See it if Sequence of events work well with the "scattering" of times of the events Esp. good work by Matthew Dalton Lynch & Daniel Stompor. (ALSO)
Don't see it if Small theater(a plus too)ergo limited seating.One role needs more time to get the lines ( viewed very early) Lead had his stripe before ..
See it if you are interested in the tensions at play in the 1950's for orphans, gay men, the Korean conflict, financial struggles, well acted & staged
Don't see it if you are easily confused by many scenes in two acts that change time periods to tell the story. Editing and tightening would make this shine.
"There’s a cavalcade of colorful characters and many compelling incidents but redundancy and vagueness abound. It’s possible that fashioning the skillful dialogue into more exposition could streamline this morass into a work of momentum. Instead, the crammed play maddeningly drags on for two and half hours absent selectivity or a disciplined structure, ultimately making little impact...If viewed as a workshop does succeed in revealing its virtues amidst its defects."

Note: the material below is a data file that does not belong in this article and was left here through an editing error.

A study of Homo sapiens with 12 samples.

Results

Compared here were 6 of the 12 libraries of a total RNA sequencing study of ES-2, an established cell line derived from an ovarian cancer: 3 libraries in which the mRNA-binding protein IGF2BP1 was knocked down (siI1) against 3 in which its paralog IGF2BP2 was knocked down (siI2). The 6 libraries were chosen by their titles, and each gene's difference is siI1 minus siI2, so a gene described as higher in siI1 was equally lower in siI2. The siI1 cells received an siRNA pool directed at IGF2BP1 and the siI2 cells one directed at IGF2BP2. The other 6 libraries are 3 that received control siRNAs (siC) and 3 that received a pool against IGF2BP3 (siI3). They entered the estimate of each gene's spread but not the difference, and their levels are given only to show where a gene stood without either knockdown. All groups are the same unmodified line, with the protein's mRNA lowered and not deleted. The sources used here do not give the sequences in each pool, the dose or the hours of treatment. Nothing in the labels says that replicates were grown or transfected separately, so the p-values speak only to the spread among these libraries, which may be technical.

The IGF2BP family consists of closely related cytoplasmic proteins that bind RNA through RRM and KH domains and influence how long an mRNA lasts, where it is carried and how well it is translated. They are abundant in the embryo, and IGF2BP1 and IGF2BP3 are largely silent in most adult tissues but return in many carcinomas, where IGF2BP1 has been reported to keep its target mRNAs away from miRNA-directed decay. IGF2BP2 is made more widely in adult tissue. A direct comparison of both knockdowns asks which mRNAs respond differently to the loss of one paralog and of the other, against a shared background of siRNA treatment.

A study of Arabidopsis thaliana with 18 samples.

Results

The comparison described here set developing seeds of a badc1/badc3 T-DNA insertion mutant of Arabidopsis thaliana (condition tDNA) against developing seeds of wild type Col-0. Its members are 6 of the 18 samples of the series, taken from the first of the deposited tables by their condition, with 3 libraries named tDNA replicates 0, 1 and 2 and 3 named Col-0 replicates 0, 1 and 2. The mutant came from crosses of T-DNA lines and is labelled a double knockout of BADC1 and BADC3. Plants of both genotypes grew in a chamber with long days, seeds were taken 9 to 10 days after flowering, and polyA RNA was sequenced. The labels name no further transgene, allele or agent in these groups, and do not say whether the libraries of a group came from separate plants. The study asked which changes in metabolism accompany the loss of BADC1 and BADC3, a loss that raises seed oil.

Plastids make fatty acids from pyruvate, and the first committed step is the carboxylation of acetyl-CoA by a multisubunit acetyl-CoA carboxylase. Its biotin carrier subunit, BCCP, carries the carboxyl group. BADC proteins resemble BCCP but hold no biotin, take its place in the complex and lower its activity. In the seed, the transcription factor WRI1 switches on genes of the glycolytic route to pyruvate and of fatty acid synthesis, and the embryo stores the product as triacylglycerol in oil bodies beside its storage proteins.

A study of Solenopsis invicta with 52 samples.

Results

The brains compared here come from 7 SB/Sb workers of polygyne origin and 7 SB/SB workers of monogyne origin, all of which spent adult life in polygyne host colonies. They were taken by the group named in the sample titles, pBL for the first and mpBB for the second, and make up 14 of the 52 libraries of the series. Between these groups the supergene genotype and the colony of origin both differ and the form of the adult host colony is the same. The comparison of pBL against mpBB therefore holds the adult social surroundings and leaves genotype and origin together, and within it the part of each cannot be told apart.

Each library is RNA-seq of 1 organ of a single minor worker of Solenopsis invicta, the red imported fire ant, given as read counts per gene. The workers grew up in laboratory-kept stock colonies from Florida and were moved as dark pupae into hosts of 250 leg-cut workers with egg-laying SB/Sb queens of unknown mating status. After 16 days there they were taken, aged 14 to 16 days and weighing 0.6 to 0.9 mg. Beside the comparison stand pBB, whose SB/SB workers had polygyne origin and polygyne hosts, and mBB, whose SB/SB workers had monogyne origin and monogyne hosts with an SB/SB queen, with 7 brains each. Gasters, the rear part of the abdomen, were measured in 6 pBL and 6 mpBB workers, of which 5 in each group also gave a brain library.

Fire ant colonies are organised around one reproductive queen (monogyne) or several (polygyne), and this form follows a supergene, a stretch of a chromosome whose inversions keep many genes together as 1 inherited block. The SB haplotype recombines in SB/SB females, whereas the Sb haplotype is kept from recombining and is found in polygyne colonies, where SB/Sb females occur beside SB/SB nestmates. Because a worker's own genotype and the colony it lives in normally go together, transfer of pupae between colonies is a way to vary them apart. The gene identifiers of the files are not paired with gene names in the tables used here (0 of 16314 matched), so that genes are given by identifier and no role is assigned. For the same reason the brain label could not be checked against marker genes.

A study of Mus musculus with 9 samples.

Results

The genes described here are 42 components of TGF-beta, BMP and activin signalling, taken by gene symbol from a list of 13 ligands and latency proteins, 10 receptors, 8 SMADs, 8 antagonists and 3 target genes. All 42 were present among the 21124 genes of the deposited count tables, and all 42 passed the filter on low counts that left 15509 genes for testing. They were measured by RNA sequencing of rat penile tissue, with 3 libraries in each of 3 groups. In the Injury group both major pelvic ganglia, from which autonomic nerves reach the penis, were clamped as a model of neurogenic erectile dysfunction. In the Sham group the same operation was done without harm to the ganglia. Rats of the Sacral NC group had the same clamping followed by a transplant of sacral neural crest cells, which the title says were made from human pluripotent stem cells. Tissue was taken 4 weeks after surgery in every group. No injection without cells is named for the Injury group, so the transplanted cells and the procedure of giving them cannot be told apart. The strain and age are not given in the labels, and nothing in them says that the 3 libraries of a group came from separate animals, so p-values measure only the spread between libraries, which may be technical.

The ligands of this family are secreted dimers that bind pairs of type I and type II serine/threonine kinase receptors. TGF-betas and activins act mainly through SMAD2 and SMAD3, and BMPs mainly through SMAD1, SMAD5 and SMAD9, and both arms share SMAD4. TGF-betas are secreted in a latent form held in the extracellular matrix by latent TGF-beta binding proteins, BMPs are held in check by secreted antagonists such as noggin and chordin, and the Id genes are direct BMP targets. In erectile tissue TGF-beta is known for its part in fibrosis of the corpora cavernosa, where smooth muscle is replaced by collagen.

"A very heartwarming and sometimes, tragic story that many can relate...This play, at its core is about Dale discovering who he is and what places, people, and things make that up. The nonlinear use of time allowed for these discoveries to been seen with a perspective that would not have been achieved using linear time...'The Glen' was a lovely coming of age story that had me walking out of the theatre with tears in my eyes and smile on my face."
"A ‘must see’ play...With all of the jumping back and forth from year to year and from one location to another, the play does get a bit confusing as to where we are at any given moment...Mercifully the actors, as well as the writing, both so wonderful, quickly bring us back to our senses, even as we uncross our eyes...There are a number of extremely moving scenes beautifully executed by the actors, all of which hit home."